Sunday, July 28, 2013

life skills: How to Read and Enjoy a Good Book

     Ever since I can remember, I've wanted to read something. When I didn't know how, I wanted to learn. I remember the day I learned to read quietly to myself too. And it seems like there's always been books I want to read. It's a rare month when I don't finish at least one book.
     I love reading as I'm sure you've gathered, and it's easy for me. It doesn't matter what it is usually, as long as it is well written - classics or moderns, theology or poetry, mysteries or romances, Dickens or Austin, Dostoevsky or Hugo - I'll at least give it a shot.
     But, as I am discovering, I am among the few. Many people don't read books at all if they can help it, and as a result, they hardly even know what they're missing.
    So, if you're not a reader, or you are but you haven't ventured into the realm of good books yet, there's hope for you! You don't have to start with Dickens or Dostoevsky, you can work your way there. After all, Rome wasn't built in a day.
     Here are a few tips for starting a habit you won't ever want to kick.

1. Get books from the library. If your library doesn't have it, inter-library loan it. Or, better yet, if a friend recommends a book, ask if you can borrow it. You don't want to buy a book before you've read it, as a general principle.

2. As you read, ask questions. Try to figure out what the author is trying to communicate. This is usually pretty easy to find in non-fiction, fiction is sometimes harder. As questions like:
  • What does the author want to prove?
  • What does the author believe about human nature?
  • What does the author believe about justice vs. grace?
  • What is the author communicating about good and evil?
  • What does the author believe about choice vs. free will?
  • How is the main character developing? What traits are they acquiring and what does that say about them?
  • Is the author condemning or condoning certain actions or behaviors?
These questions will put you on the track to understanding the point of a book. Not all fiction has a point to prove, but much of it does, especially the good stuff.
For example:

The last slide is the point. Both of the books, whether you like it or not, have a point. And whether that point is legitimate or not, there is a point.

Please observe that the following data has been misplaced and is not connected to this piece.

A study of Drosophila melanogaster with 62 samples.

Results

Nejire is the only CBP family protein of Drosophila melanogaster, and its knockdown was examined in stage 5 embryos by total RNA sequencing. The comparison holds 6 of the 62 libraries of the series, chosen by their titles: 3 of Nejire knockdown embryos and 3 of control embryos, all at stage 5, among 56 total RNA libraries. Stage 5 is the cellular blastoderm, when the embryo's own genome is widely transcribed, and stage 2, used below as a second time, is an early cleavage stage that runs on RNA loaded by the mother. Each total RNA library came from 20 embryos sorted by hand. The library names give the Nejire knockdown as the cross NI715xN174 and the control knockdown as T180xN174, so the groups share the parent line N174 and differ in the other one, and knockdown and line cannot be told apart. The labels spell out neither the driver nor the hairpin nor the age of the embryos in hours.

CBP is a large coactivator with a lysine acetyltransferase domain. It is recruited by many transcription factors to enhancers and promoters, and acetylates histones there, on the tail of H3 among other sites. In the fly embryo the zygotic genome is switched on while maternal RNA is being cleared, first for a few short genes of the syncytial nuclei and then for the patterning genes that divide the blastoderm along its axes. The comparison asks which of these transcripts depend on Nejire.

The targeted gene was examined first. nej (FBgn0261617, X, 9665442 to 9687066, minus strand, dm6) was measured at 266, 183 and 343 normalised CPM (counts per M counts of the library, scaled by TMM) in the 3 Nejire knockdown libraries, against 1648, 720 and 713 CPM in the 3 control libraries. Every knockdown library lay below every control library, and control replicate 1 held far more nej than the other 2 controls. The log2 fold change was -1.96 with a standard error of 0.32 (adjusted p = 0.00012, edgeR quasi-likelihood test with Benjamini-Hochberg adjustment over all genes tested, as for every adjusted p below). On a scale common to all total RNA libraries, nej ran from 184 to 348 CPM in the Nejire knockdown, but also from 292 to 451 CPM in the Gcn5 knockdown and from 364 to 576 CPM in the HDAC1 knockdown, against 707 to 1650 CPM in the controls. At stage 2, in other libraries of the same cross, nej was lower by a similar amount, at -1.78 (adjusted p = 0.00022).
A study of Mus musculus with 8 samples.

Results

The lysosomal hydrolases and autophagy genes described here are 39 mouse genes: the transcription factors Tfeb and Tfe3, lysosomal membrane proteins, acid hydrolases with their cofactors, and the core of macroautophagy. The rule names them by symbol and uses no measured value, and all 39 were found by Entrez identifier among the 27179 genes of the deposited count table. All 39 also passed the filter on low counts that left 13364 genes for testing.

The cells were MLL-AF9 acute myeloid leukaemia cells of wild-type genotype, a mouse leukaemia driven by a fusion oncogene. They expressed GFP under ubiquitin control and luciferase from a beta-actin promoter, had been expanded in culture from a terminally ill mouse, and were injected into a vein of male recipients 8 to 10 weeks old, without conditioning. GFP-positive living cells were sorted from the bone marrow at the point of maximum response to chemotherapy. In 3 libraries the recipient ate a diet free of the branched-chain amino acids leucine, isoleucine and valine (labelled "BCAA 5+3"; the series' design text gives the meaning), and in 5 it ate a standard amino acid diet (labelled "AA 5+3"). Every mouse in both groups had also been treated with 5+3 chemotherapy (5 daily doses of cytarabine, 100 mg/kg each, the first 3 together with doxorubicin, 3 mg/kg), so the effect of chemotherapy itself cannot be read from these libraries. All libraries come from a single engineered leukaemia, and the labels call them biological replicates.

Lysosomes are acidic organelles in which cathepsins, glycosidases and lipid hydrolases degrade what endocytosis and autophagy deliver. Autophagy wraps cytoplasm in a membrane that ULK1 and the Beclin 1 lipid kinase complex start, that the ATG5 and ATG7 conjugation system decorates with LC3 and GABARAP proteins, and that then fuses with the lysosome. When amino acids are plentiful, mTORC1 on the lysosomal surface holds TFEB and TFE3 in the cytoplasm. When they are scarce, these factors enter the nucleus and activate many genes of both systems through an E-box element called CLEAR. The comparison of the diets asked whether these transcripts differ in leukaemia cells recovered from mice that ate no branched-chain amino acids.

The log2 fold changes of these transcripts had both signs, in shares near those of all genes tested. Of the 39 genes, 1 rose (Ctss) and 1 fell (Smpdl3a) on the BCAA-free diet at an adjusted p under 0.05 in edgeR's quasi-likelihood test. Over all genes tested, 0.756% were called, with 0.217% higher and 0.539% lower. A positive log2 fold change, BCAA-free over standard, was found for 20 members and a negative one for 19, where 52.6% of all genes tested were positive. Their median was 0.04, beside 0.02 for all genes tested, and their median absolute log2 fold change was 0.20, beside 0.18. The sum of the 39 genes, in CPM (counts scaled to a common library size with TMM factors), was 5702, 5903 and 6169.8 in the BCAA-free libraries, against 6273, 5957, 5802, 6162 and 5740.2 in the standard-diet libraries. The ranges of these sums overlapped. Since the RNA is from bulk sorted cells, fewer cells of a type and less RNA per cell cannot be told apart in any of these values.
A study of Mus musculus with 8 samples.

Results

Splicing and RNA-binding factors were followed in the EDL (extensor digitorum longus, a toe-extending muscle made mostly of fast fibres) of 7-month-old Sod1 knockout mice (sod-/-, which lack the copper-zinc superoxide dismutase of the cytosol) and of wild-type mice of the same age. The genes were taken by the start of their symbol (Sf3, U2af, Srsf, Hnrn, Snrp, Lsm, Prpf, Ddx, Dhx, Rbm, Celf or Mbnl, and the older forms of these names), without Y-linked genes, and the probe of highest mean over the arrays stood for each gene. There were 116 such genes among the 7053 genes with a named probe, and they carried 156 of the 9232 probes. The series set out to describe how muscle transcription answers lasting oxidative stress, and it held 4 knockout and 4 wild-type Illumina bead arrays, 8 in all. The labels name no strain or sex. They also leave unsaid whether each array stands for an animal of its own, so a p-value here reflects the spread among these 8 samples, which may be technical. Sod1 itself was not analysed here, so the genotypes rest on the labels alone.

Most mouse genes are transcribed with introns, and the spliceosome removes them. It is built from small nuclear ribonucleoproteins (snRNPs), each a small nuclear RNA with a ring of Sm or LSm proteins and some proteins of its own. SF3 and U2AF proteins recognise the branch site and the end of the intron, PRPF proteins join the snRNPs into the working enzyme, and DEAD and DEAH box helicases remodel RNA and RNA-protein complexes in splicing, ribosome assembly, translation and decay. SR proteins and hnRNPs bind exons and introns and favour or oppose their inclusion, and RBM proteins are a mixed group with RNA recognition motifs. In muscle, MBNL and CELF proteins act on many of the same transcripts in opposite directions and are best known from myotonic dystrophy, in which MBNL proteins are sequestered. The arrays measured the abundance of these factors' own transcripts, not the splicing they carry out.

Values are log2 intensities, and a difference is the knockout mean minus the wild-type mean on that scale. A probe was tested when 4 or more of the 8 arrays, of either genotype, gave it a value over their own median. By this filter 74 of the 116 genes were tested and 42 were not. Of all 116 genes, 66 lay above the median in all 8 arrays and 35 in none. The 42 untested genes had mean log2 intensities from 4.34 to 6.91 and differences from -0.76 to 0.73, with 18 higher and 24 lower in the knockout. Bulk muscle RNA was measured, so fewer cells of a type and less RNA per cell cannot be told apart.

Most books have something to say, whether it's good or bad.
3. If the book does belong to you, write in it! Especially if it's non-fiction. Underline it, bracket parts you like, star things you want to remember. If it makes you think of something, write a little note in the margin. This is especially helpful when you want to remember something you read and you go looking for it. Plus, the physical act of underlining it will help you think about it more deeply, read it more closely, and remember it more clearly.
4. Write stuff down. Write down anything that sticks out to you, even if you aren't sure why. Keep a notebook just for things you've read in books. If a section strikes you as being really beautiful, copy it out. If a section is speaking to your heart, write it down. Include the book name, author's name, and page number, that way, if two years later you remember it and want to use it for a paper (or a blog post!), you'll be able to find it again. Write down sentences, or paragraphs, poems, theses, whatever it is that will help you engage with the book.
5. Re-read. C.S. Lewis and Sheldon Vanauken agreed that the sign of a true book-lover is re-reading books. If you loved a book the first time, re-read it. If a book is really good, you'll get something different out of it the second time. There are books that I re-read every year (C.S. Lewis' Chronicles of Narnia) or every few years (L.M. Montgomery's Anne and Emily books) and I get something new out of them every time.

Need something to read?

     Stick around, tomorrow I'll give you some suggestions for where to start. In the meantime, I'd love to hear from you! Are you a reader? What would you suggest to help a new reader? If you're not, what keeps you from reading?